Admitting To A Problem Is The First Step Toward Solving A Problem
We have recently encountered a rather debilitating issue in our call center with a company we do business with. There’s nothing like calling customer service and going through the paces with the assumption that it’s a problem on MY end, NOT theirs.
I’ve been in this customer service stuff too long not to ask:
The service was working fine last week. What changed? Are you guys having any issues on your end?
In this particular case, I’ve probably talked to five different frontline customer service representatives and without fail they quickly responded to that question with “The server you are on hasn’t had any issues recently.”
What I’m really doing here is desperately searching for someone who can tell me that I’m not the only customer having a problem. If your business is anything like ours, your IT staff has about a billion other things on their plate. If I’m going to ask IT to drop everything to look at an issue, I need to be fairly confident that the issue is on my end.
So after a two week runaround, I finally spoke with someone in technical support who miraculously said:
I have another customer reporting the same issue. I’m pretty sure this has to do with something we released a couple weeks ago.
And with that the skies parted and a beam of light shone down upon me and told me everything was going to be ok. It’s not my problem. I can let my IT folks off the hook.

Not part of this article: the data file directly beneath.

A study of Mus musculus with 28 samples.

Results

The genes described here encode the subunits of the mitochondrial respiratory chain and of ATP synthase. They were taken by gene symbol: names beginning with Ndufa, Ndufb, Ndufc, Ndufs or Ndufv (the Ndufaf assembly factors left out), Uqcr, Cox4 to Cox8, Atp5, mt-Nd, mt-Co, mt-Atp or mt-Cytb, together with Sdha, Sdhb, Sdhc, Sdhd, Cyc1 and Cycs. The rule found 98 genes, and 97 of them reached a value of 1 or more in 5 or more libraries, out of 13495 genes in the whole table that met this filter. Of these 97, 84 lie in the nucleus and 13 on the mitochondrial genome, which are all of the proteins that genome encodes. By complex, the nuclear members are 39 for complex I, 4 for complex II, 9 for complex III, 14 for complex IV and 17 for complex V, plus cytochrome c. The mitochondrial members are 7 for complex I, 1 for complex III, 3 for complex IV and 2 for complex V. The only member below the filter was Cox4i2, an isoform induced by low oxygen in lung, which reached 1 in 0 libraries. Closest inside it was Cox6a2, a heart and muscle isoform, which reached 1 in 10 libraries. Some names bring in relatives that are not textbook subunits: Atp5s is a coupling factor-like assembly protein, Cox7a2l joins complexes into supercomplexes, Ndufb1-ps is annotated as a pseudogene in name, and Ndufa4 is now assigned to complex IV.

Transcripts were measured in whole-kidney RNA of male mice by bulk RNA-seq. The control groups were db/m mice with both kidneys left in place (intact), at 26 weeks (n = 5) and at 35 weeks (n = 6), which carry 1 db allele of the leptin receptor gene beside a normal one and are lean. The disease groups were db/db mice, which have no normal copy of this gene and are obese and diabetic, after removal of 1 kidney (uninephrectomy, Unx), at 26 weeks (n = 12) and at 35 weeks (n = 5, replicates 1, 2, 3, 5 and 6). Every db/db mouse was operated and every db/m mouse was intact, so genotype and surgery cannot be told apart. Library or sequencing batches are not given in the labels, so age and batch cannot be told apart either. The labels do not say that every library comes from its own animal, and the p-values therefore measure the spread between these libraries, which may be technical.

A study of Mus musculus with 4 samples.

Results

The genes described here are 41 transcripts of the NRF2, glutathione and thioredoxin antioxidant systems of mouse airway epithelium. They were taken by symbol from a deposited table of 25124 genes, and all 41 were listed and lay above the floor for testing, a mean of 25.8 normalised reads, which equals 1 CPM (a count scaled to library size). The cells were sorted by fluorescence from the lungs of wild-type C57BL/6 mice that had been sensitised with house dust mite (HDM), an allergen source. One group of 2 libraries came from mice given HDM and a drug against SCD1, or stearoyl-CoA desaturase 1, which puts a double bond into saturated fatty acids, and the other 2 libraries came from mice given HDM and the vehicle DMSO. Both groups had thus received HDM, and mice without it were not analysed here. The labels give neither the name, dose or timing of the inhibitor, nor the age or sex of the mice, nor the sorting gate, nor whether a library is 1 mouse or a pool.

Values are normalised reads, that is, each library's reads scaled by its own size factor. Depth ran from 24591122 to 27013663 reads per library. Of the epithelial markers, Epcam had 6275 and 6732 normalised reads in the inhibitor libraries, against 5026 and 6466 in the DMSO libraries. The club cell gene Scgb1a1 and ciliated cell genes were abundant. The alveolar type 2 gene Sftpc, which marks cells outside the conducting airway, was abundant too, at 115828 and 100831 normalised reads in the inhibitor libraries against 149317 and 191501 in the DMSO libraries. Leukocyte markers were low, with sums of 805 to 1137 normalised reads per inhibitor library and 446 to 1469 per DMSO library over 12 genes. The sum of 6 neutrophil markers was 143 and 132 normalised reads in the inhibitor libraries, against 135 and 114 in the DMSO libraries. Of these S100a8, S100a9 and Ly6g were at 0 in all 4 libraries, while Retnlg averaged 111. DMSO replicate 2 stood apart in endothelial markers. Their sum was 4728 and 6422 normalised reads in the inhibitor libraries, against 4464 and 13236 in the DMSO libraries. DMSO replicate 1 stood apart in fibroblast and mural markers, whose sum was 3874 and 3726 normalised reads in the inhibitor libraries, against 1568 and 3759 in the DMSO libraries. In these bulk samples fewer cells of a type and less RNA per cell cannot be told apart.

Why am I telling you this story? There are 3 reasons:
1. Transparency is attractive- I can work with people who are transparent. I’m not perfect and don’t expect perfection. If you’re willing to be honest, I’m willing to work with you. Scale that to a company and it’s exactly the same. I’ll give a company my business if they are willing to shoot straight with me.
2. Customer service should be empowered to be transparent- Great customer service professionals think critically about the calls they are receiving and look for common threads. A comment like “There’s have been no problems on your server” makes the customer feel like it’s still their problem. On the contrary, a comment like “Oh, I spoke with another customer having this issue” can really put a customer at ease. Customer service representatives should be empowered to be this real with customers.
3. Admitting there’s a problem is powerful- I’m keenly aware that when technical support admitted to a problem, I was immediately put at ease. No longer did I have to suspect that our IT staff did something wrong. They have admitted a problem and now they can make progress on fixing the problem.
Yes indeed I feel better. Hopefully the post to follow is all about how the problem was solved and we were able to move on with business as usual.